Blue Jasmine: thunderous return to form for Woody Allen
Cate Blanchett tipped for Oscar nomination as critics rave about her sozzled socialite on the verge of madness
WOODY ALLEN fans anxious to know if his latest film Blue Jasmine is a return to form can breathe a sigh of relief.
Critics have heaped praise on the new movie, particularly for Cate Blanchett's lead performance as Jasmine, a Manhattan socialite whose world crumbles after the collapse of a Ponzi scheme run by her husband.
With nowhere else to go, she moves in with her down-to-earth sister Ginger (Sally Hawkins) in San Francisco where her fragile composure begins to crack.
"Blue Jasmine is arguably Allen's meatiest film since 1989's Crimes and Misdemeanours," says Stuart Husband in the Daily Telegraph.
Several critics have compared Jasmine to Blanche Dubois from A Streetcar Named Desire. Allen has dismissed the connection, but he has nevertheless given us "a Tennessee Williams-style heroine", says Husband, "pill-popping, vodka-swigging, entirely dependent on the patronage of the barely-acquainted – at the centre of a very modern American fall from grace".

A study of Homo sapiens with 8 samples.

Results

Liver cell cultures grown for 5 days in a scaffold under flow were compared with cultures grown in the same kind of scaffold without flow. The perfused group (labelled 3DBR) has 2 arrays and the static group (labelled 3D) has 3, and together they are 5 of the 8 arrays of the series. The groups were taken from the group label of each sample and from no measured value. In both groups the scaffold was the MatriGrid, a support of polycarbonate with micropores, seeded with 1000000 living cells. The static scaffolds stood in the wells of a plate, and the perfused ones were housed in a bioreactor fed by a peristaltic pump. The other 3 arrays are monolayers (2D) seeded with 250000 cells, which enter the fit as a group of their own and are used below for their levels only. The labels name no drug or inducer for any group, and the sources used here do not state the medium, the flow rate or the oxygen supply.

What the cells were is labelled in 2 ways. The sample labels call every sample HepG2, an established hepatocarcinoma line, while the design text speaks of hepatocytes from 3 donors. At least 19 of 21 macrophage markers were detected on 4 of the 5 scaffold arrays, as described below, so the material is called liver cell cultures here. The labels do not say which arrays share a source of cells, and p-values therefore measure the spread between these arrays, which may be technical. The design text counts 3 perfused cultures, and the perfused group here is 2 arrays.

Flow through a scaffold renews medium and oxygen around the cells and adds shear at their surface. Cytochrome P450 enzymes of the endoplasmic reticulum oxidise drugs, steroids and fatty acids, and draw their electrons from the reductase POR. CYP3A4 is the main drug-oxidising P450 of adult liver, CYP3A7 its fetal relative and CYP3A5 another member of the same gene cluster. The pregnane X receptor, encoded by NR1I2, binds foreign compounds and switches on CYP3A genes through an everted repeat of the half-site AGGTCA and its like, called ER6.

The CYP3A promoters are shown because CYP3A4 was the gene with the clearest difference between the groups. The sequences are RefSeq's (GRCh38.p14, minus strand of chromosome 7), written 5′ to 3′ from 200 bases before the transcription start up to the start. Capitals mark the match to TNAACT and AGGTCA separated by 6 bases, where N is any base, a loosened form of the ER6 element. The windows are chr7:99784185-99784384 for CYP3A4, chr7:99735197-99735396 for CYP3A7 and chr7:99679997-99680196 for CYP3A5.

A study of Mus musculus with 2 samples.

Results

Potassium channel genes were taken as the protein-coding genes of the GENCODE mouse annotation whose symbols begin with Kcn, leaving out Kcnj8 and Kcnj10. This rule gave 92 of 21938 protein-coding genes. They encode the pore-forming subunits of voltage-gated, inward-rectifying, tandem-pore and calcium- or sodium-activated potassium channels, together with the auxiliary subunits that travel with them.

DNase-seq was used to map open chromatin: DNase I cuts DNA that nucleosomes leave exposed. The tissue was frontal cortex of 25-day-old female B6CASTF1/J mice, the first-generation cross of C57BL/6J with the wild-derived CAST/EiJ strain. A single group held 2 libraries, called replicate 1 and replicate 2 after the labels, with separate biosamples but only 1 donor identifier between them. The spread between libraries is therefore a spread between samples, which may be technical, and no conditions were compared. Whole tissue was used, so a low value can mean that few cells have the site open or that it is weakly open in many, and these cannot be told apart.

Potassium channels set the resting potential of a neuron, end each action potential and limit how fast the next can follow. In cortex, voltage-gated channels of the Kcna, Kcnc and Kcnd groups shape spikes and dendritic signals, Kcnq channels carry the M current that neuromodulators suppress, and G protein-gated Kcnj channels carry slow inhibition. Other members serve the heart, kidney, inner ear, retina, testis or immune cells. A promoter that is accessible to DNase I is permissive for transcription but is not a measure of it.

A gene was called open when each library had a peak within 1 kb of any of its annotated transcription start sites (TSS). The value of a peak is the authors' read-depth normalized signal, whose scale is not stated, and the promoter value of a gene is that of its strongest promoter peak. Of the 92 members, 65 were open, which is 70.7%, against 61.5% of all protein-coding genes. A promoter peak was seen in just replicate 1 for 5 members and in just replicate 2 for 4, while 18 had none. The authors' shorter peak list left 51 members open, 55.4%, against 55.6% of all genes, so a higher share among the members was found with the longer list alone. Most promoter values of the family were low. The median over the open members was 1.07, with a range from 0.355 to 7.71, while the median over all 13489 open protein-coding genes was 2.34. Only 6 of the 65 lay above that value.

Ann Hornaday in the Washington Post says it is not a "particularly funny movie" but there are moments of "tough, lacerating humour".
The Golden Globes Cecil B. DeMille Award for lifetime achievement has already got Allen's name on it – and it looks as though Blue Jasmine could win a few more accolades when the awards season kicks off in January.
"Blanchett's Oscar nomination is bagged and ready to go," says Catherine Shoard in The Guardian. The supporting actors are "just as fine", she adds, while Allen's plotting is "miles tighter" than it has been for his last few films.
Blanchett is a "true force of nature", says Craig Williams on CineVue. "Sozzled, depressed and on the verge of madness, it's the best work of her career."
Meanwhile, the broader political concerns may only shade the narrative, says Williams, but they reveal Allen "to be a masterful literary chronicler in the classic New York tradition of Edith Wharton and Henry James".
Whether Allen is channelling Blanche Dubois or not, Williams says it is "a thunderous return to form for the film-making maestro".